MAY 31, 2008
Bernie gives his judgement
Bernie Ecclestone has been skating along in recent weeks trying not to stir up trouble without alienating his old pal Max Mosley, but with just a few days to go before the vote of confidence in Mosley, Ecclestone has finally nailed his colours to the mast.
"Since the story broke I have been under enormous pressure from the people who invest in Formula 1, sponsors and manufacturers, over this issue," Ecclestone told the Daily Telegraph. "They point out that as a chief executive or chief operating officer of a major company they would have gone either immediately, or within 24 hours, in the same circumstances. They cannot understand why Max has not done the same.
"Max is a strong man. Once he makes a decision he sticks to it. He feels that there is still important work to do at the FIA. But in my view there is a way to accomplish this and retire at the end of the year at the FIA general assembly in November. I would be happy to sit at his side to help him to achieve that. He should stand down out of responsibility for the institution he represents, including F1. Everyone who I speak to in a position of authority across F1 rings me to say he should leave. It is regretful that he has not made that decision."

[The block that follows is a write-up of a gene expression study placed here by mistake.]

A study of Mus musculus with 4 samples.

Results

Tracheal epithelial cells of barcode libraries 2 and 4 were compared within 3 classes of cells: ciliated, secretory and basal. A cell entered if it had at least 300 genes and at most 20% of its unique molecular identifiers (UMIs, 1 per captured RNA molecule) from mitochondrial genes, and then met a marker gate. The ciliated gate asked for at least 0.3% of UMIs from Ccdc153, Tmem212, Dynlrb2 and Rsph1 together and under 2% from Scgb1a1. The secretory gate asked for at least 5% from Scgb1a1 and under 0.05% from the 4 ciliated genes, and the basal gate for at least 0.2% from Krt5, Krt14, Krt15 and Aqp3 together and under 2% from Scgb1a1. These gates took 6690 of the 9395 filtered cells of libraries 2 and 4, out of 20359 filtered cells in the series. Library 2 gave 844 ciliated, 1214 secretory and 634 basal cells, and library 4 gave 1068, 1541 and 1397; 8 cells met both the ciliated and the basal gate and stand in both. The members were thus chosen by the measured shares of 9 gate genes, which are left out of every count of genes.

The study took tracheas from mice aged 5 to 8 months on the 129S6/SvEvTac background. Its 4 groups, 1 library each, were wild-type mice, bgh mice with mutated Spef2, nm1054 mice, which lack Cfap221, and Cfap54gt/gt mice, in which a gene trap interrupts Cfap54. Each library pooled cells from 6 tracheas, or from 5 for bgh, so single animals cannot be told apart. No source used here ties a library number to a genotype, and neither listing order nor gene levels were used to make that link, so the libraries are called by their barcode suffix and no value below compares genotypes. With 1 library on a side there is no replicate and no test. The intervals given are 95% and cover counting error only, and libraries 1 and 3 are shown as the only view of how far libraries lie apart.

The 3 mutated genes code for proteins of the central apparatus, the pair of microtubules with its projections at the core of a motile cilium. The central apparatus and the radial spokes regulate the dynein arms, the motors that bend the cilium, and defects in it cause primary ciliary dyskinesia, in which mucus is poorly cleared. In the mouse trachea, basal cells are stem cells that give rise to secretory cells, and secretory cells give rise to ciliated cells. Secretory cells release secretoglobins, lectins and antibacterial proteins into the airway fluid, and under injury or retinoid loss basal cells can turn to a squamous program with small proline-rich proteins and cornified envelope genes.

"The big problem is that he can no longer represent the FIA worldwide because of these incidents. The general feeling is that people would no longer be comfortable speaking to him in the same way. I have spoken to Max about this and advised him to stand down in November and not to go to the vote next Tuesday."
The newspaper said that Ecclestone used his wife's birthday celebration in Monaco as an illustration.
"My wife had invited Max to her birthday party," he said. "She was told to ask Max not to appear because of the embarrassment it might cause to a number of corporate guests. She was extremely upset about that but she accepted she had to speak to him. It was very difficult for her to do that.
"Max is being punished for the wrong reasons. He has done a first-class job as president. Like all of us he has made some mistakes but 90 per cent of the decisions he has taken have been to the benefit of all. He deserves to be remembered for all the positive work he has done, not for an expose in a tabloid newspaper. That is why he should announce his decision to resign now and not go through with a vote of confidence. That is not in his best interests, the FIA's or the sport's."